Kristian Rouz — Monday's trading on Wall Street and the following day's sessions in Asia-Pacific and Europe were all marred with negative sentiment, stemming from Greece's financial impasse. Most stocks retreated amidst increased volatility, currencies markets saw significant sell-offs as well. Investors are also jumpy ahead of the US Fed's policy meeting starting Tuesday.
Global stocks dropped, even though Tsipras claimed on Tuesday that his cabinet is ready to compromise, blaming differences between Greece's creditors in Europe and the IMF for the prolonged stalemate. The MSCI All-Country World Index was down 0.3% in London, while insurance costs of the European bank debt rose for the third straight day — with market participants pricing in Greece's default.
"The big contradiction is the IMF's presence, which wants measures and a restructuring, (whereas) the others want measures but no restructuring. They want an a-la-carte IMF," Tsipras said.
In Europe, the Stoxx Europe 600 Index dropped 0.6%, hitting its five-month lowest. Across the Atlantic, the S&P 500 stock futures retreated 0.5% overnight, meaning Wall Street is likely to mark its third consecutive day of losses on Tuesday. Adding to bearish sentiment, US manufacturing in May declined against positive expectations, suggesting the Fed's policy remarks might be more dovish essentially.
In Frankfurt, the DAX Index slid 1% weighed on by the retreat in automotive stocks. Car sales in Europe marked their six-month lowest in May. Greek stocks also shed 2.3%.
In Japan, the yen retreated to 123.54 against the US dollar amidst allegations of FX rate manipulations by the nation's regulators. The MSCI's Emerging markets Index declined 0.8%, Hong Kong's Hang Seng lost 2.7%, now 10% below its highest posted on 26 May.
In China, stock market suffered this month's greatest two-day losses amidst the unsuccessful IPOs undertaken by the nation's 25 companies. Industrial, telecom and tech enterprises led losses during Tuesday's trading. The Shanghai Composite lost 3.5%, extending the two-day losses to 5.4%. However, the index is just below its five-year highest, at 19-fold projected earnings, compared to 36-fold earnings at the top of 2007 bubble. That said, there is still room for aggressive expansion in mainland China's shares before the next meltdown.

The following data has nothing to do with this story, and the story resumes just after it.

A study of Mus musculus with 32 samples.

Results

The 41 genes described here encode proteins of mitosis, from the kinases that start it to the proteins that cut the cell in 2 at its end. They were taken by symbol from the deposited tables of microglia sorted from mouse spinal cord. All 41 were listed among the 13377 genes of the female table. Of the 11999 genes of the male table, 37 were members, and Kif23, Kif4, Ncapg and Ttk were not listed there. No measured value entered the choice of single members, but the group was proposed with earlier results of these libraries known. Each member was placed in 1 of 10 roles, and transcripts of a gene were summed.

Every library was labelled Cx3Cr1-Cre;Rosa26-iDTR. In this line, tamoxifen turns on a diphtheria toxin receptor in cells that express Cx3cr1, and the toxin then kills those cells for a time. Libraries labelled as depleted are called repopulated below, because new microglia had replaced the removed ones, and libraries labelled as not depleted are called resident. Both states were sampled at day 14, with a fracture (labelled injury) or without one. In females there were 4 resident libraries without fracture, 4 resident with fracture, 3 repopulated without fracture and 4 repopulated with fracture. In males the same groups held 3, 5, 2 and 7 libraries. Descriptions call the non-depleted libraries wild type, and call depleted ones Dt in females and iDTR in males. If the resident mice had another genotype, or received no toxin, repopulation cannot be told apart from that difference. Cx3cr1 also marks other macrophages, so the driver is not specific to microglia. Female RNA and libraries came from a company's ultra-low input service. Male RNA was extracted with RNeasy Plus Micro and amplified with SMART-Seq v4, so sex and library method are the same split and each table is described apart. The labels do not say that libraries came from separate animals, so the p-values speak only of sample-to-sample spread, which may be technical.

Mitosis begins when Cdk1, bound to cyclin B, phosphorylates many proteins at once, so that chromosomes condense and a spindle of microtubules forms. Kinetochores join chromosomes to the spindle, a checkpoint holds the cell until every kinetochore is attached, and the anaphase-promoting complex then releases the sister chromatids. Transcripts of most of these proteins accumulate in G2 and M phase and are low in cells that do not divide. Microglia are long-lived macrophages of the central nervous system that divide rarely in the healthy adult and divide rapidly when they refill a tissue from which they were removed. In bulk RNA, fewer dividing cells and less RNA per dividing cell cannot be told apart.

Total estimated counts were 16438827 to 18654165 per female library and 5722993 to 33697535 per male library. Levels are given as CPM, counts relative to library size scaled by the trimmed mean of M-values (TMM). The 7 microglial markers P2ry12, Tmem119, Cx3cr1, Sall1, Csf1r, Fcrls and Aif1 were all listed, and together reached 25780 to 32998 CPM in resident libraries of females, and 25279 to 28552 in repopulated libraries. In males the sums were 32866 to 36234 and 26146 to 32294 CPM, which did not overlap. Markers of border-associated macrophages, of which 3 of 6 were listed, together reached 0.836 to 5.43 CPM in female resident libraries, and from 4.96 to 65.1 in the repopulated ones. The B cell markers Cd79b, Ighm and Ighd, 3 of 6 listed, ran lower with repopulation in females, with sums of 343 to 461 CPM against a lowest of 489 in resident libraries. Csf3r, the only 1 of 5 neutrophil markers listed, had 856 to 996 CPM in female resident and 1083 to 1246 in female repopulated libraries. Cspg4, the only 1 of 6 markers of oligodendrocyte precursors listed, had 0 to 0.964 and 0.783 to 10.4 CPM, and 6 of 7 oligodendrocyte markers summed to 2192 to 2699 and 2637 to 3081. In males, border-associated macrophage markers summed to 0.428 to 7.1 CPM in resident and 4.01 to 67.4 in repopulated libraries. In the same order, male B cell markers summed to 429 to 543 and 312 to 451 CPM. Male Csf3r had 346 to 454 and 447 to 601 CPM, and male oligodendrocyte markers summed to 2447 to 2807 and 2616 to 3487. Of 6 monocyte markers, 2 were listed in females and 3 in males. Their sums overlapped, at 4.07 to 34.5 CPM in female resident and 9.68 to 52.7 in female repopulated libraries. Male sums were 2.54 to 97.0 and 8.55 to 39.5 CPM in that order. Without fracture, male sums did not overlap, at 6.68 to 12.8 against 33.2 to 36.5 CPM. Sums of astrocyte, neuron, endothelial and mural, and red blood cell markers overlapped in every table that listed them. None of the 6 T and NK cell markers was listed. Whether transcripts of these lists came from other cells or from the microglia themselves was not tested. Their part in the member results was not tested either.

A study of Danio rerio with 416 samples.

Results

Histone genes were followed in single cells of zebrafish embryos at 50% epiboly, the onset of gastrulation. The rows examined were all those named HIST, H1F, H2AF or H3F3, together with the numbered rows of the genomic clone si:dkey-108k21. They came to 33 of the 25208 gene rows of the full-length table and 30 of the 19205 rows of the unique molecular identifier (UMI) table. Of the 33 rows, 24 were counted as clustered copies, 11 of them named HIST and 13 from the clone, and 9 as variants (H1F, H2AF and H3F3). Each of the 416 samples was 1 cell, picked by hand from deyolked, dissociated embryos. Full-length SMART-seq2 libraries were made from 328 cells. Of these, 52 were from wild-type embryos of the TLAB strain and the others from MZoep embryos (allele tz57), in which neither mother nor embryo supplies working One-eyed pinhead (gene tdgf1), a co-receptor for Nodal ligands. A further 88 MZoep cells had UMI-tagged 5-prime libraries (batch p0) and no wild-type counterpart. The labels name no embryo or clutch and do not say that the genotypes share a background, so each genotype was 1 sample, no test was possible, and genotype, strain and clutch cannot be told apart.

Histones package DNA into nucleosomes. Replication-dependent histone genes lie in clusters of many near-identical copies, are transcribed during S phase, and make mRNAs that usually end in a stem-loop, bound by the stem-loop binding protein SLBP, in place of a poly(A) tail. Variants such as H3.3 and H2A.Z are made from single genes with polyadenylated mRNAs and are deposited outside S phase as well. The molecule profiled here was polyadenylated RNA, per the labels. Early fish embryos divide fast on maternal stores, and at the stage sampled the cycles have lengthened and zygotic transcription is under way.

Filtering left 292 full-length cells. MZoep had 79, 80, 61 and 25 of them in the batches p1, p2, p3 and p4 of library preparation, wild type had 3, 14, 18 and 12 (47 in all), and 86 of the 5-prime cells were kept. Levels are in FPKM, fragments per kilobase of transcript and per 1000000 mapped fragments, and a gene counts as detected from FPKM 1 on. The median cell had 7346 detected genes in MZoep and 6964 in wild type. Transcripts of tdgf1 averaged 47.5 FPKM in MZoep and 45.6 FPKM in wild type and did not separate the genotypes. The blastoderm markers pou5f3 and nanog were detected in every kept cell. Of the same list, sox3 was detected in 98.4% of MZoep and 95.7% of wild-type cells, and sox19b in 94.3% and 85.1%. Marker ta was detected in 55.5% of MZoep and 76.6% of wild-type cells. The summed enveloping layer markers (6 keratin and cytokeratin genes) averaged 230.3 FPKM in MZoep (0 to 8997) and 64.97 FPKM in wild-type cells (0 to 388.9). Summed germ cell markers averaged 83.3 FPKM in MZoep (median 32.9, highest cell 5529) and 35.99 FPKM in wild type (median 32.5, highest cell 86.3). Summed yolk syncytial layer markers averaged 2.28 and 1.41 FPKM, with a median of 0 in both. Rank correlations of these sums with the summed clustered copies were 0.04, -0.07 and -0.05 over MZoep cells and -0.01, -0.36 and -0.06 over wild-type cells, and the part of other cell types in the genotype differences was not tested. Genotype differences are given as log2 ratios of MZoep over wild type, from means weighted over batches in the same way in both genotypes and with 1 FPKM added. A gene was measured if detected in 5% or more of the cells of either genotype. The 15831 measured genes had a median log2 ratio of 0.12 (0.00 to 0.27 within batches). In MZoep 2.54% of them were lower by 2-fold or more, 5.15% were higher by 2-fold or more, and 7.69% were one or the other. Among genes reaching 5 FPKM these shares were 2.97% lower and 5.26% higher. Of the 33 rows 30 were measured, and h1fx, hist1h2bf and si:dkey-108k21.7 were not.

"If you look at some of the stocks now in the Shanghai market, I think they are heading toward the bubble territory," Sam Le Cornu of the Hong Kong-based Macquarie said.
The CSI 300 Index dropped 3%. This week, margin trading increased in the mainland's markets, with margin debt rising to a record 1.46 trln renminbi in Shanghai and Shenzhen. What it means is that mainland's financial sector is a lot more fragile and risk-vulnerable than it was in 2007, mainly because they are lacking substantial support from the real economy. China's ratings are bound to go down as shadow banking expands, and riskier assets gain more ground.
In commodities, oil gained, adding 0.3% to $59.72/bbl in the US amidst signs that crude inventories are shrinking for the seventh week straight. Higher fuel consumption in summer is also pushing petrol prices up. Brent crude rose 0.5% to $65.25/bbl in London.